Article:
As opposed to the 15-20 minute grocery delivery promise, the startup aims to incentivise 60-minute delivery
Dunzo has reduced its growth targets internally and plans on fulfilling only 5.7 Mn by December 2022
Dunzo is in talks to raise $200 Mn-$300 Mn in funding amid a market slowdown
Bengaluru-based hyperlocal delivery platform Dunzo is reportedly looking to shift gears from Dunzo Daily’s quick commerce. As opposed to the 15-20 minute grocery delivery promise, the startup aims to incentivise 60-minute delivery, where multiple orders will be clubbed together as a cost-cutting measure.
The quick commerce startup has a monthly burn rate of around $15 Mn. But as funding winter looms, Dunzo has reportedly briefed its team to pause geographical expansion, reduce long-distance deliveries and focus on unit economics.
According to an ET report, Dunzo’s hypergrowth era rests in the past. The report quoted a source who said that Dunzo went aggressive with IPL at a time when all quick commerce platforms were going crazy on acquiring consumers. “They are now cutting back on spending and aiming to bring it back to first-quarter levels.”
As a result, Dunzo has reduced its growth targets internally and plans on fulfilling only 5.7 Mn by December 2022. The startup has told a select group of people about its renewed focus on cutting expenses amid a slowdown in late stage funding.
To note, Dunzo is in talks to raise funds, but the details of the potential funding round are not final. In April 2022, Dunzo founder Kabir Biswas hinted at the possibility of raising $200 Mn-$300 Mn in funding, diluting a 10-15% stake in the company (at a potential valuation of $2 Bn). Meanwhile, the company is looking at a slower growth rate for the rest of the year.
The news comes six months after the startup raised $240 Mn, led by Mukesh Ambani’s Reliance Retail. At the time, Reliance Retail picked up a 25.8% stake on a fully diluted basis in Dunzo for $200 Mn, valuing the company at nearly $775 Mn.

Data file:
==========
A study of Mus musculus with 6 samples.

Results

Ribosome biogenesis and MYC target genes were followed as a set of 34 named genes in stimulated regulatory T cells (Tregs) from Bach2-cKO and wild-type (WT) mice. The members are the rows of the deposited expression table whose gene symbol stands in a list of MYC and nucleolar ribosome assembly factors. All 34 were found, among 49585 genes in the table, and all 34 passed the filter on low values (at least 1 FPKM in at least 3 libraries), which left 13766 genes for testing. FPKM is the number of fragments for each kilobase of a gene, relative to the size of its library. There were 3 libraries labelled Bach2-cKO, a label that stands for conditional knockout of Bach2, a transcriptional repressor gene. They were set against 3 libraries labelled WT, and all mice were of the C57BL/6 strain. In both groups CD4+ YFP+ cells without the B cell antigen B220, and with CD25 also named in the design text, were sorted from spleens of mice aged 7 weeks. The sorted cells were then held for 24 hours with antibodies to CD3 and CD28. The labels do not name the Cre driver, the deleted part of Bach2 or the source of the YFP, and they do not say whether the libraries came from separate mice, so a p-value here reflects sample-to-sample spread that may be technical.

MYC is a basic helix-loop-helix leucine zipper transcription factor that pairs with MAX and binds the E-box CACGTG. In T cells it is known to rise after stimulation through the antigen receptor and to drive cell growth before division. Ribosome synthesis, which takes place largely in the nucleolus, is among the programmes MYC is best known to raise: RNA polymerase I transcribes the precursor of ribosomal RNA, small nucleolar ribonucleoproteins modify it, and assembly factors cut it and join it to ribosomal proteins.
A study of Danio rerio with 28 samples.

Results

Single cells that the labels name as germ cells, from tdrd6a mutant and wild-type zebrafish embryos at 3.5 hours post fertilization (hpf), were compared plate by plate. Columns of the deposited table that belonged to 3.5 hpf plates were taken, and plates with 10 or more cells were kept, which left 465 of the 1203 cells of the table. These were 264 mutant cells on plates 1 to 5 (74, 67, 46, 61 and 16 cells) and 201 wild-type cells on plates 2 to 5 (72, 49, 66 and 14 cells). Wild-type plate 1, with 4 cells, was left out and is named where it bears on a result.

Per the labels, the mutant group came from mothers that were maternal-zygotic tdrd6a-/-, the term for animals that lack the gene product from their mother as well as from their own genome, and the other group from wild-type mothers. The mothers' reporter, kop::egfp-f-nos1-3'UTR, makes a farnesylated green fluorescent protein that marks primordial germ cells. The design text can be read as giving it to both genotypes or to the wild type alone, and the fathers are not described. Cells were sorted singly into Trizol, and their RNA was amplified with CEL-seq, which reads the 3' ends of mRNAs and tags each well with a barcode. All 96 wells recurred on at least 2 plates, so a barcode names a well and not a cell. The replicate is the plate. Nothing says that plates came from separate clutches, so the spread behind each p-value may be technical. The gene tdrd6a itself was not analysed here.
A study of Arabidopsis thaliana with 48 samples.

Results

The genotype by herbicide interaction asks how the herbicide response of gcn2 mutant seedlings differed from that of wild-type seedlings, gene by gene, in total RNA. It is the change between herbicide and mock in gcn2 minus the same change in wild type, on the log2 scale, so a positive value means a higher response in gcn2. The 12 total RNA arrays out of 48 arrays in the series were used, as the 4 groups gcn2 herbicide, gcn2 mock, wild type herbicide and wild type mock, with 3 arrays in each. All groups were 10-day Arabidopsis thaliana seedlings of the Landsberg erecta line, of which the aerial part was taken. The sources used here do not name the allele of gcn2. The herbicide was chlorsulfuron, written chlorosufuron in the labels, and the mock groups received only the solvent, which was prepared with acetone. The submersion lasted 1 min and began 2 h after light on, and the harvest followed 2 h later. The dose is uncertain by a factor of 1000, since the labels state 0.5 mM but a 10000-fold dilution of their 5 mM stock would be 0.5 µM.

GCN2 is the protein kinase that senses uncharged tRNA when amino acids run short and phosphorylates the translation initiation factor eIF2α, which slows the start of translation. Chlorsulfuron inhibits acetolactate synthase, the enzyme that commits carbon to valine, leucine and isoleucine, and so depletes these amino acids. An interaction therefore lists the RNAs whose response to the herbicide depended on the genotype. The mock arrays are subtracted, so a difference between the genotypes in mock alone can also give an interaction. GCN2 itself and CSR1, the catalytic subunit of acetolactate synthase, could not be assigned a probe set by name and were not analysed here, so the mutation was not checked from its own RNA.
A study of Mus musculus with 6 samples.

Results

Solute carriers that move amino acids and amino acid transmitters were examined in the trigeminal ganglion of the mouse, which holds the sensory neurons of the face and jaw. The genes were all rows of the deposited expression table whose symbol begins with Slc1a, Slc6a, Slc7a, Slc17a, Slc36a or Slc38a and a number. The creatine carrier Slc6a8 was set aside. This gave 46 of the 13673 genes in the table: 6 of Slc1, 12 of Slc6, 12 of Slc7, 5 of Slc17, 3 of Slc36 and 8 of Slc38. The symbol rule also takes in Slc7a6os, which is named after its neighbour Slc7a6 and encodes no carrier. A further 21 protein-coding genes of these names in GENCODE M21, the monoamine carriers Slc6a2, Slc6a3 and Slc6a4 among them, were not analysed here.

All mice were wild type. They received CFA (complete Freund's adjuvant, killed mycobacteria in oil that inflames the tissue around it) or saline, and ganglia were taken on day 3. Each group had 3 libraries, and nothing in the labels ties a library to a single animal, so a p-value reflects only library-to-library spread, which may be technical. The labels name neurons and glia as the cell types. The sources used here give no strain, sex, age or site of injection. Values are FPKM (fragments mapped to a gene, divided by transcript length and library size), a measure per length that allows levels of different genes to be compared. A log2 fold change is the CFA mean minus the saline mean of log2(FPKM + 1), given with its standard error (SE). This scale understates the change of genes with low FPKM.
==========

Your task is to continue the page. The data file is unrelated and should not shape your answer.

Besides cutting down on its quick delivery format, Dunzo’s B2B logistics arm, Dunzo for Business (D4B), has partnered with ONDC to provide last-mile delivery services to local enterprises on the ONDC network. D4B claims to have a fleet of over 75K delivery partners and connects more than 20K merchants to customers.
It had also announced plans to use robotics in its city warehouses to cut the time taken for processing orders to 30 seconds. With the current slowdown in place, the impact on automation hangs in the balance.
The Quick Commerce Battle & Its Aftermath
The quick commerce segment currently features the likes of Swiggy Instamart, Zomato-backed Blinkit, Reliance-backed Dunzo and soonicorn Zepto. From about 30-45 minutes of Instamart to around half an hour of Dunzo to 10 minutes of Blinkit and Zepto, the race for delivering as fast as possible has been a subject of intense debate.
But convenience shopping is at the helm of consumer internet and thus, the funding inflow had been at its highest in 2021 within the segment. These startups were spoilt on funding and focussed on aggressive expansion, high customer acquisition costs and intensive incentivisation. That all came to a sudden halt as the funding inflow in such late stage startups turned stagnant.
Consumer internet startups raised a mere $9.9 Mn in the first six months of 2022, whereas consumer services such as quick commerce and service aggregators raised a mere $1.2 Bn across 19 deals. Swiggy’s $700 Mn round, Dunzo’s $240 Mn round, Livspace’s $180 Mn and Blinkit’s $100 Mn rounds were the highlights of the said funding. [Source: Inc42 Data]
While the overall funding reduced by 50% from the previous half of 2021, three of the top four quick commerce startups raised funds, in an otherwise cold ecosystem. These startups are thus cautiously using their funds. Not just that, some of these bigger players have been pressured by VCs to focus on profitability and revenue growth, forcing them to pivot away from quick commerce.
Swiggy shut down its Supr Daily business in five cities in India, allowed employees to take side gigs and started a permanent work-from-anywhere policy. Blinkit, on the other hand, has finally merged with Zomato and is looking to break even by 2025.